Film: Animal Kingdom

Australian crime drama is mired in cliches and inaction.

By Sean Burns
Add Comment Add Comment | Comments: 1 | Posted Aug. 24, 2010


Glum portent is the order of the day in writer-director David Michod’s plodding Sundance prize winner, an over-glossy family crime saga that takes the drama out of melodrama. The kind of debut designed to call attention to itself, Animal Kingdom is artful to a fault, striving so hard for Shakespearean import that it saps whatever life and energy there was to be found in this familiar, low-stakes tale of small-time Melbourne hoods at the end of the line.

James Frecheville stars as Joshua Cody, an inexpressive 17-year-old we first see staring blankly at the television, waiting for the EMTs after his mother’s fatal heroin overdose. I think we’re supposed to read Frecheville’s indifference to Mum’s corpse as numbed shock, but as the lad wears the same banal facial expression for the nearly two-hour running time, he might just be a lousy actor.

Josh is sent off to live with his estranged grandma (Jacki Weaver), a malevolently cuddly old bat who dotes on her hoodlum sons and has a weird habit of kissing them on the lips. Uncle Pope (Ben Mendelsohn) is an armed robber on the lam from Melbourne’s crooked cops. They don’t have enough evidence against Pope to mount a real case, so they’ll probably just shoot him instead. Uncle Craig (Sullivan Stapelton) is having an easier time of things in the drug trade, though it looks like he’s starting to grow a little too fond of the product. Hapless Uncle Darren (Luke Ford) is the blond baby of the crew, in over his head with these hardened thugs. He’s got the same vapid deer-in-the-headlights stare as his nephew Josh, suggesting that dull-wittedness runs in the family.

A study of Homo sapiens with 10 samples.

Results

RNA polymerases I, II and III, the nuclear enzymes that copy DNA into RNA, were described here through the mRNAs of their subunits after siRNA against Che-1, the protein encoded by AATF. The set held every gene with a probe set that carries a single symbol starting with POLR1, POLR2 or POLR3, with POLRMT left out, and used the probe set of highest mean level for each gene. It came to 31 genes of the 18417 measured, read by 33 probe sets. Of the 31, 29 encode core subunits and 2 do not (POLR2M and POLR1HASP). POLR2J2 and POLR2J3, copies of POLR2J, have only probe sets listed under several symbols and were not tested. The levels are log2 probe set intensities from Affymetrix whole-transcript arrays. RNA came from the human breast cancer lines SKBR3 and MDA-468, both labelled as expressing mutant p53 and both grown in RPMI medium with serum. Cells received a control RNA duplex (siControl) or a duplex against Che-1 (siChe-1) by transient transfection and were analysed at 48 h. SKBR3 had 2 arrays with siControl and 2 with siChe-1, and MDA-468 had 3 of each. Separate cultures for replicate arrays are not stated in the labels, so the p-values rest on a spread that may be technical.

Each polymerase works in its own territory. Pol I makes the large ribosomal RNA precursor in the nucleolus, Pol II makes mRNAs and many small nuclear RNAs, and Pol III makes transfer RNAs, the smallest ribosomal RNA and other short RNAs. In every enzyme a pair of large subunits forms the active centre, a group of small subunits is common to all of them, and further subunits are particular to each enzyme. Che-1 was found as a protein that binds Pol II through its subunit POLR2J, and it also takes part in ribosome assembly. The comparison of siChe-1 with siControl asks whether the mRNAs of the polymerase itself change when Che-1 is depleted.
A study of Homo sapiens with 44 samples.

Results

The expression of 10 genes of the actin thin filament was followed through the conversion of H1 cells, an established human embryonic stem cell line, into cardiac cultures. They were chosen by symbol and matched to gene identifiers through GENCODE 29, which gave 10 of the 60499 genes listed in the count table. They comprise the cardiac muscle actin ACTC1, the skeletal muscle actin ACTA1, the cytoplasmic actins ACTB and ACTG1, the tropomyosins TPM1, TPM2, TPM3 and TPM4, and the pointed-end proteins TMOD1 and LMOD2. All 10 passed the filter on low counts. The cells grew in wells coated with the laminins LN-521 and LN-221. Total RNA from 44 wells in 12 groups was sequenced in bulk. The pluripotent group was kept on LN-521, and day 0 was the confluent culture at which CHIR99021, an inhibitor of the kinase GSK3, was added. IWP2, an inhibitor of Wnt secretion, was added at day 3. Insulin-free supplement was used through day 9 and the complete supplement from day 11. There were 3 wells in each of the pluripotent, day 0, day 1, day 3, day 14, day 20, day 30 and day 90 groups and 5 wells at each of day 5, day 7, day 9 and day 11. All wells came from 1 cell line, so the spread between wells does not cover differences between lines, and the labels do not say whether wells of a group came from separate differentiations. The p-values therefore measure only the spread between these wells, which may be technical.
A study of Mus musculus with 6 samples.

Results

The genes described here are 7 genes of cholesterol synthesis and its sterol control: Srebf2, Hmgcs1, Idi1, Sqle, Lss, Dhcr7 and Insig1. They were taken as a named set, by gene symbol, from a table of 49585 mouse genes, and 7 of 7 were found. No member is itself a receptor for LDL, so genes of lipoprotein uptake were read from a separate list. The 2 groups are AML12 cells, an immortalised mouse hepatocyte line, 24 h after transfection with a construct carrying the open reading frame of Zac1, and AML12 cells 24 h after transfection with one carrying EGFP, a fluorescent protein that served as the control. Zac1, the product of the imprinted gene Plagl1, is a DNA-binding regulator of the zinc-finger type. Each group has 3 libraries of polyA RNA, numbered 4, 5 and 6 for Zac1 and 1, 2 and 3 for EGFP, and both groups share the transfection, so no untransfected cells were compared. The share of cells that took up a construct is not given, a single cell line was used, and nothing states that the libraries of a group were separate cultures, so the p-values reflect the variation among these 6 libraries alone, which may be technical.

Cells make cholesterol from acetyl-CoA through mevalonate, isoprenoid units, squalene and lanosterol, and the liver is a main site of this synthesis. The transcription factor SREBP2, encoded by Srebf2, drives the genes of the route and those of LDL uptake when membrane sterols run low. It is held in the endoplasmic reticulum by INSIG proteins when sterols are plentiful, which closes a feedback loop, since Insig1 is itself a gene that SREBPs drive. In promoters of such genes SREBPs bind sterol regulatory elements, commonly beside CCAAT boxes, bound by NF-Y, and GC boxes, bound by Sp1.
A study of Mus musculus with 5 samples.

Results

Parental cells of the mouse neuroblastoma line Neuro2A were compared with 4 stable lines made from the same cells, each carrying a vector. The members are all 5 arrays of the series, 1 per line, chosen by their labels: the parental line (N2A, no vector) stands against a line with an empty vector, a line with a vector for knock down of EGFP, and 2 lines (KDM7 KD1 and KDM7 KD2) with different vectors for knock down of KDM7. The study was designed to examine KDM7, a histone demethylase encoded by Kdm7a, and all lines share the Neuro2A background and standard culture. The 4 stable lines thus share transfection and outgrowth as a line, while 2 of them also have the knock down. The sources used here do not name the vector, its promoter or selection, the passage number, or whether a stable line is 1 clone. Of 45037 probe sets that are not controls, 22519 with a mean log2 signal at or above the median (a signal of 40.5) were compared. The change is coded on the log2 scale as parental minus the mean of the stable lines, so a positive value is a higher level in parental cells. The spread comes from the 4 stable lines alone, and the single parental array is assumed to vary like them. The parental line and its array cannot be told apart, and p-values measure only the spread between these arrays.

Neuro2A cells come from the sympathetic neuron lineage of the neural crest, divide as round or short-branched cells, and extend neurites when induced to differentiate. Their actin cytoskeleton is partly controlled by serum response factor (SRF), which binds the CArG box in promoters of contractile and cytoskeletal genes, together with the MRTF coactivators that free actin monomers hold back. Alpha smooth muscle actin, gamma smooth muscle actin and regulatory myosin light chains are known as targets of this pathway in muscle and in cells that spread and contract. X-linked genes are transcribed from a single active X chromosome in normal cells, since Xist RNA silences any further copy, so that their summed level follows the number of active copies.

We’re introduced to all these characters with one giant, ungainly chunk of voiceover narration, a device the movie quickly drops as soon as expository duties have been fulfilled. (Too bad, as it might have helped give Josh some inner life behind Frecheville’s dead eyes.) You’ll spend the first half-hour trying to untangle who’s who, as so many characters have weak personalities and mangy facial hair. Eventually, Uncle Pope’s partner (Joel Edgerton) delivers a long monologue about how he’s retiring from his life of crime and investing in the stock market—the kind of statement that starts an invisible stopwatch counting down the minutes until his demise.

The Cody family doesn’t seek revenge in the wisest of ways, blowing away two innocent patrol officers and drawing the wrath of the spectacularly corrupt Melbourne police department. Gobsmacked young Josh spends the rest of the movie increasingly horrified by his family’s actions, yet still hesitant to rat them out to Australia’s only good cop (Guy Pearce, who we can tell is a decent guy because he has a goofy moustache and a disabled son.)

This is where Animal Kingdom grinds to a halt, wallowing for more than an hour in the kid’s sad-sack indecision. Scenes repeat ad infinitum, alternating between Uncle Pope doing terrible deeds and Pearce pontificating at great length about the title’s hefty metaphorical implications. Slowly grinding on to the predictable conclusion, writer-director Michod leaves no cliché unturned. There’s not a moment or a character in Animal Kingdom you haven’t already seen in countless better crime dramas, and the writing is too colorless to revive limp genre tropes.

In lieu of personality, Michod ramps up the funereal atmosphere. It’s easy to tell when something significant is about to happen, because the audio drops out of the soundtrack and suddenly everybody’s moving in slow motion. Ostentatious dolly shots take minutes to circle around a room for no good reason as characters stare vacantly into the middle distance. Michod’s ornate, heightened shooting style is completely unearned by the material—all the pomp and circumstance in the world can’t disguise the fact that these are deeply uninteresting people in terribly familiar situations. ■

Grade: C-


“Did Sean Burn copy the guy in the Village Voice, or did they both just happen to say it was a failed attempt at being Shakesperean. Maybe this review is a bit cliche.”